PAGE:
You may already be married, a year has passed since the honeymoon, and only now do you realize that your spouse has a bit of a bad spending habit. Nothing to get divorced over, but it is a cause for concern and makes you wonder if you should have had a prenup drafted and signed. But is it too late?
The post-nuptial agreement exists as a remedy to this type of situation, although the exact nuances vary from state to state. Postnups can potentially address the same issues that would be addressed in a prenup, including: (1) which spouse retains certain property, when it comes time to divide properties; (2) which spouse will pay alimony, including how much, and for the duration of time; (3) which spouse is responsible for marital debts incurred, such as mortgages or credit cards, and; (4) how the assets and property will be divided if one spouse were to pass away during the marriage.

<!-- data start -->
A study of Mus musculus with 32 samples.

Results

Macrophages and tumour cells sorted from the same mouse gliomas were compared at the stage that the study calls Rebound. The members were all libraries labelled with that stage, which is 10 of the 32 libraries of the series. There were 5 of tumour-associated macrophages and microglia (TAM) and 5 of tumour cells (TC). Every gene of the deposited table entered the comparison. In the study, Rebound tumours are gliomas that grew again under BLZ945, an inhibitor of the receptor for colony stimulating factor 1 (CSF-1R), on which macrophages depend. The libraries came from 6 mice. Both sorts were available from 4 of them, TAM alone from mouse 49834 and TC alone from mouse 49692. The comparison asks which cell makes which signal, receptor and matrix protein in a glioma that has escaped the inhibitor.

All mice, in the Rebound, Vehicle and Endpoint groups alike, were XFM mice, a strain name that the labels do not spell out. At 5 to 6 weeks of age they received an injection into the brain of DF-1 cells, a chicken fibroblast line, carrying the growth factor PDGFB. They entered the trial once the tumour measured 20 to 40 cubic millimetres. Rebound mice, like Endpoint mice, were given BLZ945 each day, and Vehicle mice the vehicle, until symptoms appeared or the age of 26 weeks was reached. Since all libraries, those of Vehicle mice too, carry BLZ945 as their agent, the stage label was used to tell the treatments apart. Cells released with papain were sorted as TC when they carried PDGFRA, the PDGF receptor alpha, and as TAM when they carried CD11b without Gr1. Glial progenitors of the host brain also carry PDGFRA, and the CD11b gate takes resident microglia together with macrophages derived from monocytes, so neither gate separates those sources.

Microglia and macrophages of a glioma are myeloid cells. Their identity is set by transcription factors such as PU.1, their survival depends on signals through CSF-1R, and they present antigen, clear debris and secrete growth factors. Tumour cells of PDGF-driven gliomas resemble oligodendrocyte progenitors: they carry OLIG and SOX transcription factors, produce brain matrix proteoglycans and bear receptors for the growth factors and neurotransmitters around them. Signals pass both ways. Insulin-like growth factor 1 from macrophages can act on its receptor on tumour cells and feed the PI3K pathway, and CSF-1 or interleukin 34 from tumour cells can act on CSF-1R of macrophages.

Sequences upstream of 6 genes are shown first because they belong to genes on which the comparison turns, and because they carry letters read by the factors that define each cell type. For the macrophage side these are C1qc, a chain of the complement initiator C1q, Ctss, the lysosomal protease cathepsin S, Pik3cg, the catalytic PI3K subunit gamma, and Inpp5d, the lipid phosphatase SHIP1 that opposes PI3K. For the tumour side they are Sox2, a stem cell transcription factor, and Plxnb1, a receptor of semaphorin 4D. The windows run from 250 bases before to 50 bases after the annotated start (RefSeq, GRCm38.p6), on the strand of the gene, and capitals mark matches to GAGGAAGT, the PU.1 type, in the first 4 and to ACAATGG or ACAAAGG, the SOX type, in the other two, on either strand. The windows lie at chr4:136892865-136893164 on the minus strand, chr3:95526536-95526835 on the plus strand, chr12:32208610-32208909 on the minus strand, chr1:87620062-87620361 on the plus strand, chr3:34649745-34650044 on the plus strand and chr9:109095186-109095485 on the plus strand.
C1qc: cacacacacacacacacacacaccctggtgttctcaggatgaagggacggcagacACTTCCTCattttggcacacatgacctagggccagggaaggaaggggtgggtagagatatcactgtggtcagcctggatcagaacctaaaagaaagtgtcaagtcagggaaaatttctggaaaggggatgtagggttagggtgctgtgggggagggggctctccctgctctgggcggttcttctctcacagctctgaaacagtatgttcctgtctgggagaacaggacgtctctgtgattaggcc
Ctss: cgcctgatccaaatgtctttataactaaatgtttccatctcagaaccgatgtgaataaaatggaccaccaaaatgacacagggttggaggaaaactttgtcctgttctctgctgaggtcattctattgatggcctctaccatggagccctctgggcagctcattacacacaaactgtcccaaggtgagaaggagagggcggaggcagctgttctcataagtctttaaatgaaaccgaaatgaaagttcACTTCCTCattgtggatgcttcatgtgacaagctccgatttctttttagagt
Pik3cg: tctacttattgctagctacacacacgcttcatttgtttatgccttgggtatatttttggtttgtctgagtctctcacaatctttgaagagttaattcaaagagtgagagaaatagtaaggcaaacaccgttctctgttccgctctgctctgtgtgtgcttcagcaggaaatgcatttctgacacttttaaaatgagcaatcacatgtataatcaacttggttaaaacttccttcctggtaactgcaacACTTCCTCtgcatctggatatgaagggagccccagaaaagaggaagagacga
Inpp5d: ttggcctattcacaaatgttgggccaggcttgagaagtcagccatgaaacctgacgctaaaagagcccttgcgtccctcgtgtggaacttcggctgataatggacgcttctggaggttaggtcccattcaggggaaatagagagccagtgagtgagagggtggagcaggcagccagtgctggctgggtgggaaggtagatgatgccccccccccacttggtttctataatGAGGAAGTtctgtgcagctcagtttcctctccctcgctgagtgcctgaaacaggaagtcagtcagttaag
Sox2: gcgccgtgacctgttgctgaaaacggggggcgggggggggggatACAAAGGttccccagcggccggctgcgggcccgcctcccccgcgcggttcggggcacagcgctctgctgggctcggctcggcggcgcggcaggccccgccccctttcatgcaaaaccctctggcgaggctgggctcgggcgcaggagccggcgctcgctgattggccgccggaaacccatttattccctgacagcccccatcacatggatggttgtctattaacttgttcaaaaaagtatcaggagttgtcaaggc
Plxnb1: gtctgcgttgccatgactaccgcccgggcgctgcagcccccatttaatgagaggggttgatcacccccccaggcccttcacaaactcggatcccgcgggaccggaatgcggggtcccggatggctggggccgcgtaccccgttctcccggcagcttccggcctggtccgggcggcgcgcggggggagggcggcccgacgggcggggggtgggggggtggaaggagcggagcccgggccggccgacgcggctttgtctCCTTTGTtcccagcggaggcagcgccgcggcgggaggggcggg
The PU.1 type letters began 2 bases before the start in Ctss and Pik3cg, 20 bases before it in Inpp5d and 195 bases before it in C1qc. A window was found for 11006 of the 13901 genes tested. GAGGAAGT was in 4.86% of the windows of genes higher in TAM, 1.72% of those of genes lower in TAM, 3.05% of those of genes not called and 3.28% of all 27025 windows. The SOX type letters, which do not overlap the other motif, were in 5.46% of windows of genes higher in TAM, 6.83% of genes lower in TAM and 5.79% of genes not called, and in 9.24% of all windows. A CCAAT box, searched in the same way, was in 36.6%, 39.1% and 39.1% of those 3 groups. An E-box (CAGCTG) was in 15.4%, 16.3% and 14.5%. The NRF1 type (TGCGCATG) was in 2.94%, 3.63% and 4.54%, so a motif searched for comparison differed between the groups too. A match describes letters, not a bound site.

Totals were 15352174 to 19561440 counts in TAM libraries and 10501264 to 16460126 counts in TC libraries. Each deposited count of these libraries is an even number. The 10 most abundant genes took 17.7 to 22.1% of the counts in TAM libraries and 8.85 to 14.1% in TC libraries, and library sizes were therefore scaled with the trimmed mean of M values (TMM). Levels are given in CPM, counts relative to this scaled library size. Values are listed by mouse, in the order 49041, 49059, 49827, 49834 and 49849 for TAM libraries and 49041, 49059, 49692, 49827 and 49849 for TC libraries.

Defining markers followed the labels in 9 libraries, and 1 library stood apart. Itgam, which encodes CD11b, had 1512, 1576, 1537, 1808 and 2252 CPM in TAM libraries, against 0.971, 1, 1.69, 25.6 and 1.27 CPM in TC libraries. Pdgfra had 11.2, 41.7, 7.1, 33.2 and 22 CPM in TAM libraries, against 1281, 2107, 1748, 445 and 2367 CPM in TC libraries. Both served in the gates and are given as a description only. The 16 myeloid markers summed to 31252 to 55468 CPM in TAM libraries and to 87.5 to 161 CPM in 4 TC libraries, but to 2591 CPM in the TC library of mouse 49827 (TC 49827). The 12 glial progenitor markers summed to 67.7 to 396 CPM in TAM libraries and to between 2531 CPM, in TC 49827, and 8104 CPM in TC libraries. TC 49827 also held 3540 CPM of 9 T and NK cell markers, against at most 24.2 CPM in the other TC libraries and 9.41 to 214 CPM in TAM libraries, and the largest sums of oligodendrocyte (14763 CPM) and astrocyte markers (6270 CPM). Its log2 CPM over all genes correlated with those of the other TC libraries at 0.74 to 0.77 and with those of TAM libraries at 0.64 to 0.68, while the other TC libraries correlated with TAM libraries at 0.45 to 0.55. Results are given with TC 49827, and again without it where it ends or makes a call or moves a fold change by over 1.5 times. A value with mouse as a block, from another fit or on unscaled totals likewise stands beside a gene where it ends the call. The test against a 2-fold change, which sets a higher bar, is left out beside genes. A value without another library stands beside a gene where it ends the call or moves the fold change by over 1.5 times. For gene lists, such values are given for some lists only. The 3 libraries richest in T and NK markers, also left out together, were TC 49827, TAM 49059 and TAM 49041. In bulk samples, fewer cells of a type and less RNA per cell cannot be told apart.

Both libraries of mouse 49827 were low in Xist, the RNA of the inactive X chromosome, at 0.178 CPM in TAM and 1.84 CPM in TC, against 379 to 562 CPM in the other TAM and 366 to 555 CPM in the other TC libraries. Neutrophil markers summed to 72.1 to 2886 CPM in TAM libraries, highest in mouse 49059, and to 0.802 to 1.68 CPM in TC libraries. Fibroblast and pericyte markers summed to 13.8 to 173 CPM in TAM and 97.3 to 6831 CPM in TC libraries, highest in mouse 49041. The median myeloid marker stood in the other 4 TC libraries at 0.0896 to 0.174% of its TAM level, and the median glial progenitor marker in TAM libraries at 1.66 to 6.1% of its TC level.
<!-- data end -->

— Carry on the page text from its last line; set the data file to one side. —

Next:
There are some universal exclusions, just as there are in prenups. For example, in neither of those can a parent waive or agree to not require child support in the event of separation or divorce.
Before signing a postnup, have your attorney review it to ensure you are not being kept from anything you have a legitimate claim to, and that you are not signing away everything in the event of a divorce. The wording can be very tricky, and an experienced lawyer can spot the phrasings that are often utilized and could be the difference between getting something as opposed to nothing at all if the marriage were to end.